I’ve spoken Ukrainian my entire life. After learning the language from my mother and grandmother as child, I spent every school year Saturday from kindergarten through my high school graduation attending Ukrainian school and scouting in New York’s own “Little Ukraine”. Summers were booked with various Ukrainian camps, and my Ukrainian community and friendships quickly became (and remain) one of the most, if not the most single important aspect of my life.
So when I had the opportunity to go to Ukraine two years ago, after studying the language, culture, history, etc for the previous 25 years, you better believe I was excited.
I arrived in Kiev, the capital city of Ukraine in mid August 2012, almost 70 years after my grandparents fled the encroaching communists. I was familiar enough with Ukrainian history and the “Russification” of Ukraine to understand that the heavy Russian influence had bled into the language, making it quite difficult for me to understand or communicate. Luckily, my mother was with me, but even she had trouble. We’d have to request that service providers like cab drivers and waiters speak in Ukrainian rather than the standard Russian, and even then, communication was a struggle.
After a few days in Kiev we headed westward to L’viv, the city of my family’s origin, and to this day, one of my all time favorites. While I understood everything in the western regions, known for being more nationalistic and less Russified, I realized that the language I had been learning for the past 25 years was seriously outdated.
I know that might sound a bit bizarre, unless you’ve experienced it yourself it’s hard to explain. I’d say it was like I had been speaking a pre World War II, western Ukrainian museum piece of language my entire life and then was suddenly dropped into the present day.
The crazy thing is, it wasn’t like this was the language passed down to me just by my own family, it was a language I had spoken with hundreds of members of the Ukrainian Diaspora for years, my entire life in fact. It was as if we had created our own kind of colonial village- impervious to the changes and evolution of something as basic and fundamental as language.
So why am I telling you all this? Other than the fact that it’s a unique experience, and the fact that Ukraine is a major news topic at the moment, my museum piece language got me thinking about money (because honestly, what doesn’t make me think about money?).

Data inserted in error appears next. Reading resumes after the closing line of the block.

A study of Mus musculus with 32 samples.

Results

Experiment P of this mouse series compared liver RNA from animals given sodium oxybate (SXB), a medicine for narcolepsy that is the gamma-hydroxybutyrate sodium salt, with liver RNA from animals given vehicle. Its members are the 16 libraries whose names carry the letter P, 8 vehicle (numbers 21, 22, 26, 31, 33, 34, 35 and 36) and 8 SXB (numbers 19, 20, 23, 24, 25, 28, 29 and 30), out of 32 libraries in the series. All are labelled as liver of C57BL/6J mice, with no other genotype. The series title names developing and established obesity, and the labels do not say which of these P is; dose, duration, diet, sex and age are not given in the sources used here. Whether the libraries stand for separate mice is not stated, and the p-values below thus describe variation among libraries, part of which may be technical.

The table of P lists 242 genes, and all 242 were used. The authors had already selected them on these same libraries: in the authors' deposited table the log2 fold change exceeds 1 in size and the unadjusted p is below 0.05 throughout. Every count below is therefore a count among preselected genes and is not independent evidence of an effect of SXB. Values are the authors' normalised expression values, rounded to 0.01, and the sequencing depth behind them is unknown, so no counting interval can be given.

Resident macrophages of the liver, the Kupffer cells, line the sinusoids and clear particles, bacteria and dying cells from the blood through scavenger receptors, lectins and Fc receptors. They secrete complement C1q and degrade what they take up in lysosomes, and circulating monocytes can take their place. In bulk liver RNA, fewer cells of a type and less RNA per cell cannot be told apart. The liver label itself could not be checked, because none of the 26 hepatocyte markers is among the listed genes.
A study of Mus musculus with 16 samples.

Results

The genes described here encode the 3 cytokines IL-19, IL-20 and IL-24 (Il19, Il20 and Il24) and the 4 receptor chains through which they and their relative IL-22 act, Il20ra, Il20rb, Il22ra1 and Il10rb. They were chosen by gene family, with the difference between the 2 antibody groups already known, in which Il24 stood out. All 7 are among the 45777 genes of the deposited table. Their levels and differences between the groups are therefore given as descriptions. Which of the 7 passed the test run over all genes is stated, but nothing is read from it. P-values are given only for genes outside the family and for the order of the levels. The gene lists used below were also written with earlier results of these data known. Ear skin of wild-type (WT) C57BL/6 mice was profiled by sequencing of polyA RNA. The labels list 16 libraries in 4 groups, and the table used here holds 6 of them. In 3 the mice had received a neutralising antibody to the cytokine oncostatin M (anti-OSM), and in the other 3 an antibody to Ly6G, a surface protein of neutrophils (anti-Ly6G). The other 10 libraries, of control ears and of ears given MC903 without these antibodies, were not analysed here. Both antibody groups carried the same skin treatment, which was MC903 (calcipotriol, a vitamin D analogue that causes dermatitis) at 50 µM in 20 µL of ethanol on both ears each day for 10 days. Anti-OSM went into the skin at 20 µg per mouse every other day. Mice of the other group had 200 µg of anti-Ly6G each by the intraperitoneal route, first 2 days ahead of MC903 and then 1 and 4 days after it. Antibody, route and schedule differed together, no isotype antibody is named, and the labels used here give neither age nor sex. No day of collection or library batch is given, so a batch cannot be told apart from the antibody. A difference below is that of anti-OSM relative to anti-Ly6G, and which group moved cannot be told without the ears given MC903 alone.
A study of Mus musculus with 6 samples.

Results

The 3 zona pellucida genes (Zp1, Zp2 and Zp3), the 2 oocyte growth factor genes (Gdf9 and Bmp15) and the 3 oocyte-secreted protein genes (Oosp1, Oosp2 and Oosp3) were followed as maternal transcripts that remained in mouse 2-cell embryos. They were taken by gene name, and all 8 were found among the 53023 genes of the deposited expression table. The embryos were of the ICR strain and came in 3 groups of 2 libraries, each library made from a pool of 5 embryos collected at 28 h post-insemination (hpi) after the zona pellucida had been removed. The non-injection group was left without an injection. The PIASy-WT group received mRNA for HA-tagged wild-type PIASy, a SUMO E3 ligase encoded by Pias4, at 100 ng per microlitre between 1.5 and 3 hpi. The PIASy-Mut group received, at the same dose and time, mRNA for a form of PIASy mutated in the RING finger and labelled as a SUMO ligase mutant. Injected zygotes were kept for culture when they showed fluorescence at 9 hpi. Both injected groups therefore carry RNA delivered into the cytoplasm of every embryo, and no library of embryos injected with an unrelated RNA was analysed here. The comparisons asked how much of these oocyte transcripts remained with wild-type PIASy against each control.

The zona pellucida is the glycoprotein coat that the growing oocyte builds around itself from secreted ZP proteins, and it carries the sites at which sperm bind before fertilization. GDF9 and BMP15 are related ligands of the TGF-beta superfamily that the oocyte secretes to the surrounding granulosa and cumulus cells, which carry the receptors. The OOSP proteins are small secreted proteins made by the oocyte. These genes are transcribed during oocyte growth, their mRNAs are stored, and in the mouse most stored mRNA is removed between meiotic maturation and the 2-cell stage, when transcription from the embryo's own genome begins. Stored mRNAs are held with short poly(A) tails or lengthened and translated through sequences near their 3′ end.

I find that people have a tendency to get locked into a way of thinking about their finances, the same way I locked into a vocabulary of Ukrainian that is, in some ways, partially defunct in present day Ukraine.
When you hold on tightly to your first exposure and your initial experience, rather than adapting to the reality of the present, you may find your strategies, be they communicating or transacting, are outdated and don’t serve you as effectively as they could.
Just as I learned a language from my family and surroundings, we learn expectations of our financial futures in the same way. Our parents’ attitudes and beliefs about money become ingrained in our own money mentality and manifest themselves in our own actions- the way we shop, the way we save (or don’t save), the way we measure success, etc. Now if you’re parents were money rockstars, then you’re in luck, but if money was ever a struggle, then adapting their money mentality will likely create a similar struggle for you.
That money mentality can lock you into a pattern of destructive financial habits. If you find yourself constantly broke and struggling with cash, perhaps it’s time to take a second look at those habits and see if the mindset behind them is still serving you. Or, if like me and my language, you could benefit from some newer and more functional vocabulary.